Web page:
A cartoonist, sitting at his drawing desk, tells his dog a story about a bad little boy named Christopher Crumpet, drawing as he goes. In the story, Christopher is an awful little brat who has one trick which drives his parents to distraction: whenever he gets mad, he can change himself into a chicken. Christopher is demanding a rocket ship, which his harried middle-class father absolutely cannot afford. When Christopher rejects a toy rocket, doing his chicken trick, his father gets desperate.

Bill Melendez, who worked as an animator on this film, later made all those famous Peanuts animated films and specials of the 1960s and 1970s.



  • Animorphism: Christopher's habit of turning into a chicken when he gets mad.
  • Comedic Sociopathy: When Christopher's dressing up as an astronaut, he simply empties a fish bowl onto the floor and puts the bowl on his head, leaving the fish to presumably die. (It flops off-screen stage right.)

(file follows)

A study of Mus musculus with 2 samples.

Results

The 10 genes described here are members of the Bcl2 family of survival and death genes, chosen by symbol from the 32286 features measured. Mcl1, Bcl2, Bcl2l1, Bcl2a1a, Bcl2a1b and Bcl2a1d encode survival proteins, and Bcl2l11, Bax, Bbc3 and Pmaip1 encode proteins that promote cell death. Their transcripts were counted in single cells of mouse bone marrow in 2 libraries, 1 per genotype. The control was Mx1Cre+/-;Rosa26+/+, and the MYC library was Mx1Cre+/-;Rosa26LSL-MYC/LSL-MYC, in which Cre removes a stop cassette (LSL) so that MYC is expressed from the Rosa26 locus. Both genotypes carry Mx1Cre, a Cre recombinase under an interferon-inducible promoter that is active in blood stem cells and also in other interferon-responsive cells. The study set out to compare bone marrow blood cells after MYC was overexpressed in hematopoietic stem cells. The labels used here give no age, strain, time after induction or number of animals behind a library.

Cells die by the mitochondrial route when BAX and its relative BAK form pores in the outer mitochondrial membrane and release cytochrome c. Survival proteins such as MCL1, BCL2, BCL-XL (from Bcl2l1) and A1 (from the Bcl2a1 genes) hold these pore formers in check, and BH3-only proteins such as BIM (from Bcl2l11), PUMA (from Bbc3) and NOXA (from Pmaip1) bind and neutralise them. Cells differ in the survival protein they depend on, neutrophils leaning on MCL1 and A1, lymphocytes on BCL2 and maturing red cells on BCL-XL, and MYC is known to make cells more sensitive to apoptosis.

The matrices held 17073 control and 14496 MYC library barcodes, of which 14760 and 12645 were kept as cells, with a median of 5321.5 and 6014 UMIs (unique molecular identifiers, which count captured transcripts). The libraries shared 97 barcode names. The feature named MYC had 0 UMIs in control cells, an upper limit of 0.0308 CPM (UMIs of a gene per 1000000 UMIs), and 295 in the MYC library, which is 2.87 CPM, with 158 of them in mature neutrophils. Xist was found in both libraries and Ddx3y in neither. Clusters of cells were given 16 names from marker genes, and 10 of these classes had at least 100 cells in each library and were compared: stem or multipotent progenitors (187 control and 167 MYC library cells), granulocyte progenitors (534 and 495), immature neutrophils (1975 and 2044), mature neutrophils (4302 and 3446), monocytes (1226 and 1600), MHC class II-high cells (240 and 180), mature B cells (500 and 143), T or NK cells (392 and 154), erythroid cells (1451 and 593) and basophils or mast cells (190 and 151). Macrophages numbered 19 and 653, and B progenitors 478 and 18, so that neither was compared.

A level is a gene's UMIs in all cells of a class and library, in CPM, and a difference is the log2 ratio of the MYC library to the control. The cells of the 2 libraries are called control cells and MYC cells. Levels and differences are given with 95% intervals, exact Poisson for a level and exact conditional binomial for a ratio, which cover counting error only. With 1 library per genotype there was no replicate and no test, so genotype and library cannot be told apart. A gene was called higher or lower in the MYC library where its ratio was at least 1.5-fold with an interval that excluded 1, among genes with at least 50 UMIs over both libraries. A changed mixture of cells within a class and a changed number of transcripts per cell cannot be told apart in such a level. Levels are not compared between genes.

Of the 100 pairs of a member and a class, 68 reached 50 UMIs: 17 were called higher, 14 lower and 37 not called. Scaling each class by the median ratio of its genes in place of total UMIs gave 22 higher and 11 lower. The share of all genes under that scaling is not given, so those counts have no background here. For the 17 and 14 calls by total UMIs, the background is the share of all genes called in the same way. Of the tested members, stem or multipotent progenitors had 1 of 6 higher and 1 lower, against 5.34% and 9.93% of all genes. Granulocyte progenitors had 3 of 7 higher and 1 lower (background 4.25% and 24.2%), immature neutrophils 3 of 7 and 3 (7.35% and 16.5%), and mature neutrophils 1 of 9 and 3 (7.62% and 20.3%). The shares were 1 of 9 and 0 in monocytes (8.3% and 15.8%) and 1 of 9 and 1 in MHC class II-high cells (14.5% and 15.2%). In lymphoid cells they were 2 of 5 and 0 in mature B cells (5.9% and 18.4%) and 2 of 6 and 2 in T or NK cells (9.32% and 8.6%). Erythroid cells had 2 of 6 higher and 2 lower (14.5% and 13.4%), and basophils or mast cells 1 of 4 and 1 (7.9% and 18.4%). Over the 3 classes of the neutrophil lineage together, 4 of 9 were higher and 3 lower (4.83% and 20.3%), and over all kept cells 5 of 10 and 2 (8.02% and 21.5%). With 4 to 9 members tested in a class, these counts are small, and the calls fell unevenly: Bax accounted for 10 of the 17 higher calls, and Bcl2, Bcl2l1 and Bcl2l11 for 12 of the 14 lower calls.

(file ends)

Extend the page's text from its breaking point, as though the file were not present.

• Framing Device: The cartoonist telling the story of Christopher Crumpet to his dog.
  • Limited Animation: UPA was the Trope Codifier for limited animation in the 1950s but this film really pushes it to the limit. Often there's only one thing moving at the time, and the backgrounds are very simple drawings on top of voids. In one scene where the father is leaving the house, the father and the front door are the only things on the screen.
  • The Reveal: The ending reveals that the cartoonist's dog is actually his son, who has changed into a dog because he insists on getting a rocket ship. After the father delivers his little story the son learns his lesson and changes back into human form.
  • Thick-Line Animation: UPA's signature style, which matched well with the studio's Limited Animation.
  • Written Sound Effect: A "CRASH" appears onscreen when Christopher's toy rocket flies straight through a window. Later there's a "BAM" when the father's co-worker slaps a door forcefully on leaving.